Many Antidepressants
What You Need to Know About Antidepressants

Antidepressants have been around since the 1950s, with usage increasing drastically over the last few decades. According to recent studies, more than 37 million Americans take some form of antidepressant medication. Read below to learn more about the benefits and side effects of antidepressants.

What are antidepressants? 

Antidepressants are a type of medication that helps combat the symptoms of depression, anxiety disorders, seasonal affective disorder, dysthymia, and other mild or chronic conditions. While antidepressants cannot fully cure conditions like depression and anxiety, they are effective at diminishing symptoms.

How do antidepressants work? 

Antidepressants work by leveling out chemical imbalances in the brain’s neurotransmitters, leading to improved changes in mood and behavior. Increasing neurotransmitters like serotonin, norepinephrine, and dopamine can help offset the effects of depression and anxiety. 

While antidepressants aren’t for everyone, as much as 70 percent of people who try them find they offer some relief from their symptoms.

How many types of antidepressants are there? 

There are five main types of antidepressants:


Serotonin and noradrenaline reuptake inhibitors (SNRIs) and selective serotonin reuptake inhibitors (SSRIs) are the two most commonly used types of antidepressants.

SNRIs can help treat major depression and mood disorders and are sometimes used to treat other conditions like attention deficit hyperactivity disorder (ADHD), obsessive-compulsive disorder (OCD), and anxiety disorders.

SNRIs work by boosting serotonin and norepinephrine production in the brain. These neurotransmitters are responsible for stabilizing our moods. 

Common SNRI antidepressants include duloxetine (Cymbalta), venlafaxine (Effexor), and desvenlafaxine (Pristiq).

SSRIs, the most commonly prescribed antidepressant, are predominantly used to treat depression and may have fewer and less severe side effects than other antidepressant medications. SSRIs are termed “selective,” as they mainly focus on serotonin rather than other neurotransmitters.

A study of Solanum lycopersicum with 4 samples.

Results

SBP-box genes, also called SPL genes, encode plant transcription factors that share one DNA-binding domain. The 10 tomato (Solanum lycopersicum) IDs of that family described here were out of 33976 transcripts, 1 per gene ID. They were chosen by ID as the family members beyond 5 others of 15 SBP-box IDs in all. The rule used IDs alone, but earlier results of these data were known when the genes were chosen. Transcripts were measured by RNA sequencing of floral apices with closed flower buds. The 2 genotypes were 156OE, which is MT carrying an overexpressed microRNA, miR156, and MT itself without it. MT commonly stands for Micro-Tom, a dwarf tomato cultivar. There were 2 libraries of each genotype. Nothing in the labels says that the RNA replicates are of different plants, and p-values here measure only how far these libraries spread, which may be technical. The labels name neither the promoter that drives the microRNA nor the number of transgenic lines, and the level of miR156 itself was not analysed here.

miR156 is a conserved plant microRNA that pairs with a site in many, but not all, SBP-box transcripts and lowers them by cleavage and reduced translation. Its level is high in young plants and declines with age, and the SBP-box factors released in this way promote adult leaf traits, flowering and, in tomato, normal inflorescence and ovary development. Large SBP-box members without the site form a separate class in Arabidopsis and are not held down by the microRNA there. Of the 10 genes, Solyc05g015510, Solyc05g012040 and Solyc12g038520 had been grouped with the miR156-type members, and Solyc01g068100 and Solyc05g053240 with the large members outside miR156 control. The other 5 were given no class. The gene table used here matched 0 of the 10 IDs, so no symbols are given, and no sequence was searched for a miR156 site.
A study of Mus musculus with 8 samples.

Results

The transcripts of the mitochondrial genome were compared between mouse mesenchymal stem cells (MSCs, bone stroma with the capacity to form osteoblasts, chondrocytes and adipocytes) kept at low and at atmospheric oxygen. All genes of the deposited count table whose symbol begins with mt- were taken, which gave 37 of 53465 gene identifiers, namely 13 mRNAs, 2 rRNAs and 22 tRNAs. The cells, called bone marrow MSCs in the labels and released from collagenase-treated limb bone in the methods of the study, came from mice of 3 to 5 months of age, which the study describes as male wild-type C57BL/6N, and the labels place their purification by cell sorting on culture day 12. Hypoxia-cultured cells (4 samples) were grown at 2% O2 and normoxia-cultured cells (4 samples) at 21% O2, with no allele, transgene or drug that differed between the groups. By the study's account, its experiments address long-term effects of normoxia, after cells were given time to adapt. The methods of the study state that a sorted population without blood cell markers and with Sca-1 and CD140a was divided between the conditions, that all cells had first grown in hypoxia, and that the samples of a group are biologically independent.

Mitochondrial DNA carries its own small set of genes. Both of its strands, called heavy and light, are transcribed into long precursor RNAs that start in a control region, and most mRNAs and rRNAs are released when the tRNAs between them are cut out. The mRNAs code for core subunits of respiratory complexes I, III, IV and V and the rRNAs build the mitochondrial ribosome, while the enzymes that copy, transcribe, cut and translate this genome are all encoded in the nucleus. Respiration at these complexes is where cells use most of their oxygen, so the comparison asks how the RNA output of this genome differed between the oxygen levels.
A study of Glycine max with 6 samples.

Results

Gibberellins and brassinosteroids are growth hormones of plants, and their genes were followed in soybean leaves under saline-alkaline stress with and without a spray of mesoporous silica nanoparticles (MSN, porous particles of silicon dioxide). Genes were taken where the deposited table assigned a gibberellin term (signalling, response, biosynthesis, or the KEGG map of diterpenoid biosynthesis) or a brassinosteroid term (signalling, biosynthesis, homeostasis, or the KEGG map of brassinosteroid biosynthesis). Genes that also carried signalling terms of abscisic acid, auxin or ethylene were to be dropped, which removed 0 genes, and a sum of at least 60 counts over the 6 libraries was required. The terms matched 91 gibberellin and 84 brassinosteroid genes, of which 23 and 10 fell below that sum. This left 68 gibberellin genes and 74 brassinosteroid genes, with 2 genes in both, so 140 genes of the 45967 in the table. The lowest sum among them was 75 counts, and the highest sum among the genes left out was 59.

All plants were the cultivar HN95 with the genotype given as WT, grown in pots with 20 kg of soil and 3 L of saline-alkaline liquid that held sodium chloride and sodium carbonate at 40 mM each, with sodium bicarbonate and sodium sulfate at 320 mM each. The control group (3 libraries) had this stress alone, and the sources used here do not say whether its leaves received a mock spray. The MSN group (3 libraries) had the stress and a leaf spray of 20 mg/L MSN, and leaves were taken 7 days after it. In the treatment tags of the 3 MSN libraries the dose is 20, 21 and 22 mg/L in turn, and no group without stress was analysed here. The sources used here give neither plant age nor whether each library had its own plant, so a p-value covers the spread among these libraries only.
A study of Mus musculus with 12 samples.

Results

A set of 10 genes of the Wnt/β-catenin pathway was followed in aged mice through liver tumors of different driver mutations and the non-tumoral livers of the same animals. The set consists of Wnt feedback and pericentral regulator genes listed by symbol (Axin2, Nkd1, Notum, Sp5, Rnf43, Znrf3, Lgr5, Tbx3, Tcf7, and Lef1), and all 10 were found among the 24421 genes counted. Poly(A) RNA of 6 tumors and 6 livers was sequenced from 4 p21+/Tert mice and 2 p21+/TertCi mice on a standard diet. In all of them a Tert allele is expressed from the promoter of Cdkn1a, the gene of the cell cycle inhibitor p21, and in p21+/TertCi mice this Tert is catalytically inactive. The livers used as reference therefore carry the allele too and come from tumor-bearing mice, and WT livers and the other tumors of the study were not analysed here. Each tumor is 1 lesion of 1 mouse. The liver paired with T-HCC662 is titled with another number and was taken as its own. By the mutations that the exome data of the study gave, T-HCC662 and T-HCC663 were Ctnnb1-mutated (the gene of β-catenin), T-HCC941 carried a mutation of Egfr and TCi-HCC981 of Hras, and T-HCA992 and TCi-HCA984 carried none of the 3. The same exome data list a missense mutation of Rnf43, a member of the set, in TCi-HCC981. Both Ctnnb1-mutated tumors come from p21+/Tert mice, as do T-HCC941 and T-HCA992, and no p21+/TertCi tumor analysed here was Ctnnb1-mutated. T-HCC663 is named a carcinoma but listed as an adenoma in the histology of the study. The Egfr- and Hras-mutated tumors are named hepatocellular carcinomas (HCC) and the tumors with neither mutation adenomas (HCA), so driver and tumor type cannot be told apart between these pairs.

Rather than producing more serotonin in the brain, SSRIs work by blocking the brain’s ability to absorb serotonin. This method allows the brain to send and receive messages more easily, aiding in mood stabilization. 

Examples of popular SSRIs include citalopram (Celexa), escitalopram (Lexapro), fluoxetine (Prozac, Sarafem), fluvoxamine (Luvox), paroxetine (Paxil), and sertraline (Zoloft).

Potential side effects of SNRIs and SSRIs include:

  • hypoglycemia
  • low sodium
  • dry mouth
  • constipation or diarrhea
  • nausea
  • sweating and tremors
  • weight loss
  • insomnia
  • headaches and dizziness
  • anxiety
  • sexual dysfunction

In some cases, SNRI and SSRI antidepressants can cause suicidal thoughts, especially in people under 18 years old.

Tricyclic antidepressants (TCAs)

Tricyclic antidepressants get their name from the medication’s three-ringed chemical structure. They are the oldest type of antidepressant and are not typically the first course of action for treating conditions like depression. 

Tricyclic antidepressants work by increasing noradrenaline and serotonin production in the brain. They can be used to treat depression, fibromyalgia, OCD, panic disorders, and PTSD, and can also be used to ease chronic pain. 

Common tricyclic medications include amitriptyline (Elavil), amoxapine-clomipramine (Anafranil), desipramine (Norpramin), doxepin (Sinequan), imipramine (Tofranil), nortriptyline (Pamelor), protriptyline (Vivactil), and trimipramine (Surmontil).

Potential side effects of tricyclic antidepressants include:

  • seizures
  • arrhythmia, or irregular heart rhythm
  • hypertension
  • rash
  • anxiety
  • weight loss
  • abdominal pain and cramping
  • nausea and vomiting
  • pain and pressure in the eyes
  • urinary retention
  • constipation
  • sexual dysfunction

Monoamine oxidase inhibitors (MAOIs)

Monoamine oxidase inhibitors are used less frequently nowadays, as SNRIs and SSRIs have effectively replaced them. 

This type of antidepressant controls monoamine oxidase, a brain enzyme that can break down neurotransmitters like serotonin that help stabilize mood. 

Doctors may still prescribe MAOIs if SSRIs have proven ineffective in a patient. Because MAOIs react with other medications, they are typically only used when other antidepressants haven’t worked. 

Side effects of MAOIs include:

  • blurry vision
  • rash
  • seizures
  • weight loss or gain
  • diarrhea, nausea, and constipation
  • anxiety
  • insomnia
  • headache and dizziness
  • sexual dysfunction
  • arrhythmia
  • fainting or light-headedness
  • hypertension

Noradrenaline and specific serotoninergic antidepressants (NASSAs)

NASSAs are used to treat depression, anxiety disorders, and some personality disorders. They are often prescribed when someone is unable to take SSRIs.

NASSAs increase the amount of noradrenaline and serotonin in the synaptic cleft and block specific serotonin receptors to aid with depression. 

Side effects of NASSAs can include:

  • drowsiness
  • dizziness
  • weight gain
  • dry mouth
  • constipation.

NASSAs are thought to cause less sexual dysfunction than other antidepressants. However, in rare cases, NASSAs can cause serotonin syndrome.

How long do you have to take antidepressants?

Antidepressant usage varies widely between individuals. While it can be tempting to stop taking medication once your symptoms ease, it is inadvisable, as depression, anxiety, and other conditions can quickly return in the absence of medication.

In general, doctors recommend staying on medication for at least 6 to 9 months, and the period increases the more recurrences of depression you have. If you are considering antidepressants, talk to a licensed professional who can help create a plan that works best for you.